SugarSync for Android is just like Dropbox... but better
Enter SugarSync, a Dropbox competitor with a lot of tricks up its sleeve. If you take a quick look at the comparison chart, you'll quickly see that SugarSync easily outstrips Dropbox in terms of functionality. In fact, SugarSync does so much that today I'm only going to discuss the Android app -- if I were to wade into the Web-based and desktop-based side of the service, we'd be here all afternoon.
First of all, the Android app is free (search for 'SugarSync' on the Market) -- as is the 2GB 'Free' SugarSync package. Unfortunately, though, the free version has almost no features. That's the defining difference between Dropbox and Sugarsync: if you don't want to pay for the service, use Dropbox. If you're happy to pay a few dollars a month, go with SugarSync -- it does so much more than Dropbox, and it's cheaper!
Once you've logged in, SugarSync for Android actually has zero configurable options. What you see is what you get -- but that's OK, because it's a very feature-heavy app indeed. From the home page you have access to everything currently stored on your account, and any files and folders that friends have shared with you. If anything, you have access to too much -- I quickly lost track of where my files were, and the differences between my Web Archive and Magic Briefcase. You can also quickly examine the contents of both your phone and your sync folders at home via the 'My Devices' section at the bottom.
SugarSync has two main focuses that it handles very differently: documents (as in Word docs, PDFs, etc.), and media (images and music).
For managing your documents, SugarSync keeps version histories of every file, making synchronization both easy and safe, no matter where you're working from; home, the office, or even while tapping away on the train.
The second focus, media, is equally as impressive. There's a built-in image viewer that's capable of handling high-res images with aplomb, and a music player that streams any music you have in the cloud -- and yes, your phone keeps downloaded images and music locally cached! The music player isn't great -- it only lets you skip tracks and pause -- but that's the kind of thing that will surely be upgraded in the future.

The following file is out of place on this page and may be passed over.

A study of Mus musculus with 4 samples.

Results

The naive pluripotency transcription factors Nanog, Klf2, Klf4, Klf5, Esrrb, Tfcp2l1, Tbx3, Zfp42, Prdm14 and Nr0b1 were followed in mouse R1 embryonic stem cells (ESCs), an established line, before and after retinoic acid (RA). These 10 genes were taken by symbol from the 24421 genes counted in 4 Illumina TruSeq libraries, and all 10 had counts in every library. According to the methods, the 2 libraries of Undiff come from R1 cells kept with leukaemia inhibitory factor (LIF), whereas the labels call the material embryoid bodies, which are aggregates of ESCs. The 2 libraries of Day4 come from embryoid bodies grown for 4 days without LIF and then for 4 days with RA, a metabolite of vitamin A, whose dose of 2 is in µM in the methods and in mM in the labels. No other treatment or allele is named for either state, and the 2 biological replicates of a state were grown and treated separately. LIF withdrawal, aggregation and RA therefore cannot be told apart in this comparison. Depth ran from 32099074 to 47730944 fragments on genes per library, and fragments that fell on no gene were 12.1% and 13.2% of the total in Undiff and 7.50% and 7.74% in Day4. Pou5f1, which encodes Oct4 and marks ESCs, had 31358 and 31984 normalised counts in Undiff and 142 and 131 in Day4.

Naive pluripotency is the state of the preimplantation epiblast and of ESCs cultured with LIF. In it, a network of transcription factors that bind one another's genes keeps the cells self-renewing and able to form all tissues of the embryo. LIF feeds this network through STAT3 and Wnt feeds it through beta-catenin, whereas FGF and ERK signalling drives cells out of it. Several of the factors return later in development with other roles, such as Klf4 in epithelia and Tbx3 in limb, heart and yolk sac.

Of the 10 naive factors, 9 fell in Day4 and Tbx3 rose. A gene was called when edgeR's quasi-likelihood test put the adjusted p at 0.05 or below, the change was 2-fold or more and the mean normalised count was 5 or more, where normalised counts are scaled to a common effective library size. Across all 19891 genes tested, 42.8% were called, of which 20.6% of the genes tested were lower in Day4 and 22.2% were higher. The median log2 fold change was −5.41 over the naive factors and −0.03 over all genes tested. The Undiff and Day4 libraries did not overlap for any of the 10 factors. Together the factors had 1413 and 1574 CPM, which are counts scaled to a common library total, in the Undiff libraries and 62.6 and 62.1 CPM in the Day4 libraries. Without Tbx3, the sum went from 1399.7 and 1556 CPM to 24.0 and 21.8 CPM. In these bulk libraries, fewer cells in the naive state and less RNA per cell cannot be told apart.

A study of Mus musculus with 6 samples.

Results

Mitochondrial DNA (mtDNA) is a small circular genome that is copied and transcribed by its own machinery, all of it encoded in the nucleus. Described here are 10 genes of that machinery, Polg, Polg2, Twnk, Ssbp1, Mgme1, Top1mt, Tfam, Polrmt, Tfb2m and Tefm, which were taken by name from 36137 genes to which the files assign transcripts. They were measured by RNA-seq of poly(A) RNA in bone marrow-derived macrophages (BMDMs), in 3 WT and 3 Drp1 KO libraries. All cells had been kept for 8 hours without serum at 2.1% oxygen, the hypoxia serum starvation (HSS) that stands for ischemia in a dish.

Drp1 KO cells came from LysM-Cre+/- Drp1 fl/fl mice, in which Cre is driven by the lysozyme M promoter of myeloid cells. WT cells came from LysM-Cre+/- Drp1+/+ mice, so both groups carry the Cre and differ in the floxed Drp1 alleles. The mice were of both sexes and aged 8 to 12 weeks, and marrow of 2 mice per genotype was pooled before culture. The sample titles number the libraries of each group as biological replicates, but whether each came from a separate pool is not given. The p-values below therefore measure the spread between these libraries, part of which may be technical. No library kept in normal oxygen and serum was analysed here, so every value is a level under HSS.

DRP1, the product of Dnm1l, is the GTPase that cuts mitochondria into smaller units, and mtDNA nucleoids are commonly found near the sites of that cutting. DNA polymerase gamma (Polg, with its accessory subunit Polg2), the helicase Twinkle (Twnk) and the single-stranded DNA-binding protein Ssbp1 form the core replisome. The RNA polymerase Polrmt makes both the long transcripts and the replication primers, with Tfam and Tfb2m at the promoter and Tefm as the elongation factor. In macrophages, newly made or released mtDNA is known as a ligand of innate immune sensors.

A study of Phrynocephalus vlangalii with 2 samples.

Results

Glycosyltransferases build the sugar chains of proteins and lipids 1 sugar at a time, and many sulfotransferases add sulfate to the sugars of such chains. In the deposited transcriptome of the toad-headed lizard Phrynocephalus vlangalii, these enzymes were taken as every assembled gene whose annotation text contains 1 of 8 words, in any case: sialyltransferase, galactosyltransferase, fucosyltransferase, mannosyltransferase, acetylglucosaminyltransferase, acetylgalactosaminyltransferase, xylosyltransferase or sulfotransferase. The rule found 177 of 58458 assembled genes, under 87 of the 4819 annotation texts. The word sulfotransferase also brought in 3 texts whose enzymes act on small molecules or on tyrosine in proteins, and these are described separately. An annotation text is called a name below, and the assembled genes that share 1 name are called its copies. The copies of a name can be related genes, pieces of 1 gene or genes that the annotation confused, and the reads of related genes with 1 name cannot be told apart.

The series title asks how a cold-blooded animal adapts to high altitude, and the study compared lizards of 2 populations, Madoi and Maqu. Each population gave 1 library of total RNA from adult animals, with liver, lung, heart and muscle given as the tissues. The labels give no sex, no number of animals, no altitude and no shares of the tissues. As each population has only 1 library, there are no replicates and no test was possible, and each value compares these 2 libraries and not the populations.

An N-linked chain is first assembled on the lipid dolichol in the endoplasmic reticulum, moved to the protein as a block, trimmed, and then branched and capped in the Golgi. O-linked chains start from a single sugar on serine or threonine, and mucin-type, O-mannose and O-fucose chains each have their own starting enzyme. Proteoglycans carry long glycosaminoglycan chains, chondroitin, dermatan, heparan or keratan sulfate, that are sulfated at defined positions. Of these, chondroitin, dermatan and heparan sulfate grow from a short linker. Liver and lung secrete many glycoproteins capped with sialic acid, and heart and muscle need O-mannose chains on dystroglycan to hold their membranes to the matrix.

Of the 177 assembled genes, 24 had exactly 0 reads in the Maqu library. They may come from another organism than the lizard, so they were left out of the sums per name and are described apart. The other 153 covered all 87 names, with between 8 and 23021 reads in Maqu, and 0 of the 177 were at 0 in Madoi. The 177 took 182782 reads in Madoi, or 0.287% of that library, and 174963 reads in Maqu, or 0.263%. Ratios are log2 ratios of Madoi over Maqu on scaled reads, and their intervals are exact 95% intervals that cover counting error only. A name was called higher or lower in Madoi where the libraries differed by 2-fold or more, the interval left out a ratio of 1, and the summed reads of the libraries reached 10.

My favourite featureDespite being by far the most basic feature of the app, the ability to send files via email with a single click is awesome. Every file has an envelope next to it -- click it, select a contact, and send the file. The file isn't sent from your phone, so it sends instantly. Very cool, if you're out of the office and need to send a document or photo to someone. Sent files expire in 21 days, which makes this particular feature rather like YouSendIt...
Also, when you open the app for the first time, it asks you to 'play a little game' -- if you successfully send a few files, and upload a photo, you get rewarded with 250MB of free cloud storage! Hooray!
My biggest gripeJust like the Dropbox for Android app, you can't move files from one folder to another! There's no way to take an existing file and make it publicly shared without downloading it, and then re-uploading it.
SugarSync for Android Tech Specs
- Installed Size -- 1.84MB, but obviously you need more space for any downloaded files
- Speed/Responsiveness -- Excellent (Android 1.6 @ 600MHz, LG GT540 Swift)
- User Interface -- Good, though I'm not a huge fan of the tabs -- they're a bit unnecessary in this case and provided plenty of accidental return-to-Android-home-screen errors...
- Configurability & Extensibility -- Nope, nothing to see here
- License -- Free, closed source. The service itself costs from between $4.99 and $24.99 per month, however!